Wednesday, July 07, 2010
album of the day: Speak No Evil
Wayne Shorter emerged as a vital jazz composer and saxophonist in the mid-60s, in particular in a series of albums recorded for Blue Note. Speak No Evil, the third of these, carries forward a new approach to jazz composition, and to a certain extent performance, that for me is always simply "Wayne Shorter."
In part, that's because, as distinctive as his music is to me, it's also difficult to express. I'll start with positioning him in modern jazz, and see how that goes.
If we take the transition to Bebop as the start of modern jazz, then we can trace out lineages of "cool," "hard bop," each taking aspects of Bebop and working out their musical ramifications. Hard bop, for example (which I adore), took mainly the riffs of Bebop as building blocks for a funky, rhythmically driven, very macho, muscular jazz.
By the mid-60s, "free jazz" and whatever one might call what Coltrane was doing then, were carving out their territories, in marked contrast to, or even belligerent opposition to, earlier genres. For instance, rejecting the quartet and quintet set-ups, and fairly predictable header-solos-coda pattern of hard bop in favor of something more like chants or more like traffic accidents (sorry, but free jazz sometimes sounds like a traffic accident to me).
Meanwhile, Shorter had spent his time playing with the very peculiar Jazz Messengers, Art Blakey's long-term working band, whose identity shifted with the coming and going of different musicians, musical directors, and composers. By the time Shorter was reaching his mature form, he'd really come up with a new approach to jazz, and the only thing I can think of that it resembles closely is late 1800's-early 1900s classical music, a lot of what gets called "Romantic" music. He always sounds more like Erik Satie or Jean Sibelius to me, than like the people he was most often compared to at the time: Coltrane and Sonny Rollins. There's no mistaking that this is jazz all the way down, and no mistaking the blues influence in Shorter's stuff, but he has a lyrical approach, and a rather broadly, orchestral concept.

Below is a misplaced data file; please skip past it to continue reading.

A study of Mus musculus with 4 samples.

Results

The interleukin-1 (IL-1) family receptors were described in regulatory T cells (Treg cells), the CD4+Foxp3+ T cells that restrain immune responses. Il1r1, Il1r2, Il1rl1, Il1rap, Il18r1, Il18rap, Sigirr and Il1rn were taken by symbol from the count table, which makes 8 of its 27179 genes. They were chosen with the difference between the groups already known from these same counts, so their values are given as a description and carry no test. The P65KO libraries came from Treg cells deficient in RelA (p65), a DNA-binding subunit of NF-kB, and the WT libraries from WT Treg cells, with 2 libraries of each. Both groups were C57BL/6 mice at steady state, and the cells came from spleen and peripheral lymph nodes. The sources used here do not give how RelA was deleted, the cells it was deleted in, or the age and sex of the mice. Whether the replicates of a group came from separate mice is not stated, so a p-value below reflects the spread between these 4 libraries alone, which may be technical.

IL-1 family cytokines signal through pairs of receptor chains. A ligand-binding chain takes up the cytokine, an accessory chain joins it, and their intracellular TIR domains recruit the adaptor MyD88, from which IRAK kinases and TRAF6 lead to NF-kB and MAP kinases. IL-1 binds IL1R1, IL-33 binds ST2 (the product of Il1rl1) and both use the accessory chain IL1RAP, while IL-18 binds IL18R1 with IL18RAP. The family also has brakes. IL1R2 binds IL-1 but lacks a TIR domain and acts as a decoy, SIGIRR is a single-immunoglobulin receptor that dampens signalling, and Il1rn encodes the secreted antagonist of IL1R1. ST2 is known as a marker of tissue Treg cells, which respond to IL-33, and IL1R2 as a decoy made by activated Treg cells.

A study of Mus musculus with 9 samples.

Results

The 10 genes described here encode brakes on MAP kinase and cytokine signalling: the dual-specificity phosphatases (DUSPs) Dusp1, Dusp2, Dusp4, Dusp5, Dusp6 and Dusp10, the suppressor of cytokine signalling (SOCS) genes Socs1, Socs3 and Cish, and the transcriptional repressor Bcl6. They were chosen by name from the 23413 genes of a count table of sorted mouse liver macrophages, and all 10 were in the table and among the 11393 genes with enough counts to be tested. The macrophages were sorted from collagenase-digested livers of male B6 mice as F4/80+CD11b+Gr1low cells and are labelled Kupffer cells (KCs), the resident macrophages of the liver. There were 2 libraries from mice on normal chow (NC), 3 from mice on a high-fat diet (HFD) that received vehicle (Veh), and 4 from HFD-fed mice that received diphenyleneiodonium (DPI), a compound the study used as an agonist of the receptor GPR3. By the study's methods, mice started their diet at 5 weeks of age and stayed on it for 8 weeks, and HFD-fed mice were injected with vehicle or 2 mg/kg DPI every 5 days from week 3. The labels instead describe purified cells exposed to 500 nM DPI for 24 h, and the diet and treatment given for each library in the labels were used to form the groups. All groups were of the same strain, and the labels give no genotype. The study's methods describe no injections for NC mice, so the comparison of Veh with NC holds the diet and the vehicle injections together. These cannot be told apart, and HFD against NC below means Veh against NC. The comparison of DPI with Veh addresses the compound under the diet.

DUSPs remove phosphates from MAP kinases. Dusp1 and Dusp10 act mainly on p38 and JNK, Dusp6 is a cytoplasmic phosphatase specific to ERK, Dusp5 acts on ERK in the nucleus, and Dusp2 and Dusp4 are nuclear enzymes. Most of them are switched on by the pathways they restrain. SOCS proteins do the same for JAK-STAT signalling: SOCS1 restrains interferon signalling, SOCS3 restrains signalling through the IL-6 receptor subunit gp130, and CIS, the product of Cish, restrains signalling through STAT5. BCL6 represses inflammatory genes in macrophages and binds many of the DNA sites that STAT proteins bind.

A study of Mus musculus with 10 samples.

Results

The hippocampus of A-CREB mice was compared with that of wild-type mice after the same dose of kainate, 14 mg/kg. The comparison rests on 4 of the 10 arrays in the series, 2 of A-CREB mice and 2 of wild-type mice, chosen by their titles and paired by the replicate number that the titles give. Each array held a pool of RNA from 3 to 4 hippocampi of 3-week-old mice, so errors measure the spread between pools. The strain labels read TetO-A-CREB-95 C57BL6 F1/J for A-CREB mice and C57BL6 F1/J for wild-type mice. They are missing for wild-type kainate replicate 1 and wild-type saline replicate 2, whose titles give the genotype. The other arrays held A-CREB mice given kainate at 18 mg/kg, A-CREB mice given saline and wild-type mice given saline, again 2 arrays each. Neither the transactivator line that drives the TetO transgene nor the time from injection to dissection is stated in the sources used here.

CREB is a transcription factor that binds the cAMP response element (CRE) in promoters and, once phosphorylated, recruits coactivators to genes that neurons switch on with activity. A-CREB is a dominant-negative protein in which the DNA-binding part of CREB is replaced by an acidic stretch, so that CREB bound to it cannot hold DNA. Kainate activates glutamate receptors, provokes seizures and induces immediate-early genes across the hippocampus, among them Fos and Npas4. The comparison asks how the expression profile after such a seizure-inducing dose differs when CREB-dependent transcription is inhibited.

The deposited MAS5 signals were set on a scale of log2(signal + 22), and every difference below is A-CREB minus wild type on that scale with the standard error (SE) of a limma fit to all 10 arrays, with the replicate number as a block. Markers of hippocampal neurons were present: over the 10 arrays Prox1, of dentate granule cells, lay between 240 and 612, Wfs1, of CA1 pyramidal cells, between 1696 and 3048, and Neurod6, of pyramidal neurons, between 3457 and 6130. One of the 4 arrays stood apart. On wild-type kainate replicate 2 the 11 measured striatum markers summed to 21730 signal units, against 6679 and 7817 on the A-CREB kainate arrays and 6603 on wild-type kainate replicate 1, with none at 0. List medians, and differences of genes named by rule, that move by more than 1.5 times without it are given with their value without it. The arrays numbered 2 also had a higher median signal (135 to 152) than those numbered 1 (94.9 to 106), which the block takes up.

This is sometimes blatant and avowed: "Dance Cadaverous" on Speak No Evil contemplates Sibelius' creepily pretty "Valse Triste," which Shorter, in fact, recorded himself some time later. Otherwise, it's a more subtle influence, a delicacy and elegance to his solo lines (and - this is the kicker - the solos he draws from the other musicians based on his compositions).
A noted characteristic of Shorter's playing - and, I would argue, one of his key influences on jazz since - is the varying of technique, timbre, and emotional tone. On this album, there's fairly aggressive start to the solo on "Speak No Evil," which settles into something more contemplative and searching; on "Infant Eyes," Shroter begins with a breathy, dreamy tone, then warms and continues in a sound that I think it's fair to call adoring (the tune is basically a tribute to his daughter).
During this same time period, Shorter began his reasonably long tenure with Miles Davis. While Miles was (of course) the leader of that band, Shorter was primary composer, basically the musical director, and also convinced Miles to hire, basically, Shorter's side men. And who wanted to play with the young Wayne Shorter back in 1964? Herbie Hancock, Tony Williams, and Ron Carter. Nobody ever had a rhythm section like that. These guys completely changed what it meant to be a rhythm section. And I, for one, give some credit to Wayne Shorter for helping that happen, by way of his compositions. (Williams is not on Speak No Evil; that's Elvin Jones.)